ALEXANDRIA: The Central Bank of Yemen in Aden has injected billions of riyals in old large-sized 1,000 banknotes into the market to address a chronic shortage of cash.
The bank also implemented several other economic measures to control the chaotic exchange market and put an end to the fall in the Yemeni riyal.
Since late 2019, the Iran-backed Houthis have banned the use of banknotes printed by the Yemeni government in Aden, creating a severe cash crunch in areas under their control which has led to local exchange firms and banks stopping paying salaries and raising remittance charges.
The Houthi ban has forced travelers to Sanaa and other areas controlled by the militant group into buying old banknotes from the black market at a higher rate and carrying Saudi riyals or US dollars.
In a challenge to the Houthis, the central bank has put billions of riyals in old banknotes into the market and started withdrawing the newly printed 1,000 banknote. Yemenis can get old banknotes from local banks and exchange firms.
However, the Houthis warned people against using the large banknotes and published copies and serial numbers of the newly circulated cash.
In a bid to regulate the exchange market and curb the plunging value of the riyal, the central bank has tightened regulations for opening new exchange shops or firms, demanding that applicants produce a three-year feasibility study prepared by a certified accountant showing estimated budgets.
Existing exchange companies must now send their annual financial statements to the bank, use an approved software for their financial activities, apply international financial reporting standards, and audit their accounts by accountants certified by the central bank.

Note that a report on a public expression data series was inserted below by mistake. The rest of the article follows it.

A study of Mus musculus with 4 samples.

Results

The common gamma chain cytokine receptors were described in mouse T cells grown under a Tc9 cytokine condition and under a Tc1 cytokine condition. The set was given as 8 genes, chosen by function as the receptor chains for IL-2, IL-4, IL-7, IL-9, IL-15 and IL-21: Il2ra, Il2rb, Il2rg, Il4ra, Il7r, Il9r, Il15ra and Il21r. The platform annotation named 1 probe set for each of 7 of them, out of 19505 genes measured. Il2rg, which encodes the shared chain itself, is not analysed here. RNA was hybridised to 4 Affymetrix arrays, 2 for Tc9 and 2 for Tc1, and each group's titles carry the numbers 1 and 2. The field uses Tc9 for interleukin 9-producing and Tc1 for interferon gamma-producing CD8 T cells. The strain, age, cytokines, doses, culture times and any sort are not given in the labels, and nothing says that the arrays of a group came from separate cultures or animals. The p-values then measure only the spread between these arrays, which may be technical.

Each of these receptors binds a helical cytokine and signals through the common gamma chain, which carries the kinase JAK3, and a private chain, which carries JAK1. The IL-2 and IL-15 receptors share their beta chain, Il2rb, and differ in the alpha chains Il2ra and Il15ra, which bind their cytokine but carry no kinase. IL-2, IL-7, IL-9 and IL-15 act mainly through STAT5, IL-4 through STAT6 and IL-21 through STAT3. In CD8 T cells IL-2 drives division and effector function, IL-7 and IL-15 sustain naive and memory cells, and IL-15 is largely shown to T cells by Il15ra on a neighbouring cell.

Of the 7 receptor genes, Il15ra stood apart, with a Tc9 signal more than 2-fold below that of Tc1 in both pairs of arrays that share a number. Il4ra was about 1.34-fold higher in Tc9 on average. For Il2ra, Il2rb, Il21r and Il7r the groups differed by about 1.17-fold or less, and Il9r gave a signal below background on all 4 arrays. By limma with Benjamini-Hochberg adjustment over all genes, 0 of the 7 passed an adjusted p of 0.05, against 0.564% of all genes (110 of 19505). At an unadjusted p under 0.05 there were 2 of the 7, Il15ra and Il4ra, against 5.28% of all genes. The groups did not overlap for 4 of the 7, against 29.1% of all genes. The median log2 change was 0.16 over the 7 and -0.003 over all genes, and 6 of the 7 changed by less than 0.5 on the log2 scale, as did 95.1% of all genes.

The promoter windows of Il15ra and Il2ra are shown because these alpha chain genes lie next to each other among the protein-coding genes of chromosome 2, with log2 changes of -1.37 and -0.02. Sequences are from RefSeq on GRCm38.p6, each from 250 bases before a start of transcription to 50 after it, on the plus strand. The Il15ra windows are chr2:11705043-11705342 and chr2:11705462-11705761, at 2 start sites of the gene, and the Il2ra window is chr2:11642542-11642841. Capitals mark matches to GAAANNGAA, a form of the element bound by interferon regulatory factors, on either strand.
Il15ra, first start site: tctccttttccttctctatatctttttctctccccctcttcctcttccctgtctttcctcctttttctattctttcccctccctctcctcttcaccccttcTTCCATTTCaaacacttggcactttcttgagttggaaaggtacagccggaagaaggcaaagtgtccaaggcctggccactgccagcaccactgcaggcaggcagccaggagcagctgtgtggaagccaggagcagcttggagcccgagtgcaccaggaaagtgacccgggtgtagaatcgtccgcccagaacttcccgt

Some Yemeni economists, however, have cast doubt over the central bank’s ability to enact the regulations after the Yemeni riyal on Wednesday broke another historic record low against the dollar.
Local money traders told Arab News on Wednesday that the Yemeni riyal was trading at 1020 to the dollar in government-controlled areas, compared to less than 980 a month ago. When the war broke out in late 2014, the Yemeni riyal was sold at 215 to the dollar.
The Yemeni government previously relocated the central bank’s headquarters from Sanaa to Aden, floated the Yemeni riyal to bridge the gap between the official rate and the black market, closed many exchange shops, and printed billions of riyals to pay public servants. But all the measures proved ineffective on the ground as the Yemeni riyal continued to drop.
Waled Al-Attas, an assistant professor of financial and banking sciences at Hadhramout University, told Arab News: “The central bank is required to control the market and close unlicensed exchange shops in parallel with tightening control and procedures on existing exchange entities.”
He noted that the latest injection of cash into the market had boosted foreign currency speculation activities and pushed up inflation.
“The large 1,000 banknote that the central bank pumped into the market represents an additional burden and additional liquidity that will cause more inflation, higher prices, and speculation on exchange rates,” he added.
The continuing devaluation of the Yemeni riyal has pushed up food and fuel prices in government-controlled areas and triggered protests.